DieselDave


 

The repair manual gives directions for dismantling and assembling the front and rear calipers but I don't see any specific directions for brake pad replacement.

 

It couldn't be as easy as removing the retaining pin, swapping out the brake pads, inserting the pin and attaching the calipers, could it? Any help or guidance is greatly appreciated.

 

For what it's worth, I'm moderately handy with tools but have no real experience with bike repair. If the consenus is that this is a job for pros, don't try to protect my feelings. I'd rather be humble and safe!

Yes, it could... wink.gif

 

You will also have to push the pistons back into the calipers a bit to make room for the new (thicker) pads.


 

couple of itmes to remember

 

One side of the bads actually sit on a ledge (my best description) when you put the pads in you have to tilt the pads and put the non pin side in first, sort of lock it onto this ledge. Then push the pin side of the pad up and install the pin.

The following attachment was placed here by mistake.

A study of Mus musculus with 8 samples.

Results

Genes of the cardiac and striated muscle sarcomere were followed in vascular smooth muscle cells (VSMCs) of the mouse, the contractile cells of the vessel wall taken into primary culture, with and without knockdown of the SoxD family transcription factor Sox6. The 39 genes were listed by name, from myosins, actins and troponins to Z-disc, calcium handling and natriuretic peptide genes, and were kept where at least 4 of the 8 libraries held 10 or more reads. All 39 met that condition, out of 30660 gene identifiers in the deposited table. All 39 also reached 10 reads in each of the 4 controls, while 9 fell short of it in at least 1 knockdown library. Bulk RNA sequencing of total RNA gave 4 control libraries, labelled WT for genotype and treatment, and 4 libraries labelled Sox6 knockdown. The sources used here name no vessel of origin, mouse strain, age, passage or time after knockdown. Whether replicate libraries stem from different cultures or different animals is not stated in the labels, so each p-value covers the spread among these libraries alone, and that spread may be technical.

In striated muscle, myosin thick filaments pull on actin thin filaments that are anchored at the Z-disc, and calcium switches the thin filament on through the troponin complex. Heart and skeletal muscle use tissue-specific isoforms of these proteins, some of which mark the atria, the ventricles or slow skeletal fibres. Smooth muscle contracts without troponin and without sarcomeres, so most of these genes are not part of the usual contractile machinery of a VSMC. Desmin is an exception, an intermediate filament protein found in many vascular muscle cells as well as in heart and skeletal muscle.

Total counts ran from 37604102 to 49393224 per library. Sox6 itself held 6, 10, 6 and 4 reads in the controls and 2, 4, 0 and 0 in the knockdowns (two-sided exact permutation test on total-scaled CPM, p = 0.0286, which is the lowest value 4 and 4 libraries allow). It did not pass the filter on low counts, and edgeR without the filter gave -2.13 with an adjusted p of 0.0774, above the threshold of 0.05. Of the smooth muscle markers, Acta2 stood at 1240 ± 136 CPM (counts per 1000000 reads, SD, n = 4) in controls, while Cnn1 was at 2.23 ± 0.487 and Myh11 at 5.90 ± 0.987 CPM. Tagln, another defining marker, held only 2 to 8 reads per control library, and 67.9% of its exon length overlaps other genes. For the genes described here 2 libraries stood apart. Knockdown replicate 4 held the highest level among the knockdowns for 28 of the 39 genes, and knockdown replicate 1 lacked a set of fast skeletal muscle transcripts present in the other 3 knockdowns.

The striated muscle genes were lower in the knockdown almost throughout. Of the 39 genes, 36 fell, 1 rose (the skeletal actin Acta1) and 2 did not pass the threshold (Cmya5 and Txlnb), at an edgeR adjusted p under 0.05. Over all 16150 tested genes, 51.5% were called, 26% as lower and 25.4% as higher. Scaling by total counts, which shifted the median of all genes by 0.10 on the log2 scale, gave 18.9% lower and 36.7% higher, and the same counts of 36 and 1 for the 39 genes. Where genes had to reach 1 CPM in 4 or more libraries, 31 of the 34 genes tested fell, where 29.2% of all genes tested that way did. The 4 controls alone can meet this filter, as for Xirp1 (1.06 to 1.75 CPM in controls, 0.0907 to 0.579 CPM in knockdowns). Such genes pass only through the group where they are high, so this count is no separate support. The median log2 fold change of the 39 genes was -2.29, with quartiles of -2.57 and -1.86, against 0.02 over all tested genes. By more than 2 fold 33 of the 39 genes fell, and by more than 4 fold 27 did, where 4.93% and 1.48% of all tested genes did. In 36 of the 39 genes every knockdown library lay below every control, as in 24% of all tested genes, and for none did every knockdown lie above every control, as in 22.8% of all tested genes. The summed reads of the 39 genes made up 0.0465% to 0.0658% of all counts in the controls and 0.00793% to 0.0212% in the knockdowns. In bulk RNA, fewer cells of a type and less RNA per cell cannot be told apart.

when you take the pin out, clean it very well. then grease it slightly upon installation. I use a very heavy water type grease. I got it at a marine store for bearings.

 

Use this time to clean the piston surface. and just a little WD-40 on the rubber gasket is a good touch. If you have any doubt about the piston's movement the rebuild kit is cheap and they are easy to rebuild, re-build them.

 

After the first time, 15 minutes per caliper is about the norm.


 

When working on the front, make sure that the caliper that you are not working on has something between the pads.......like the brake rotor, or a small wooden shim. Otherwise, when you press the pistons back into the calipers on side A, Side B's pistons will push out of the caliper.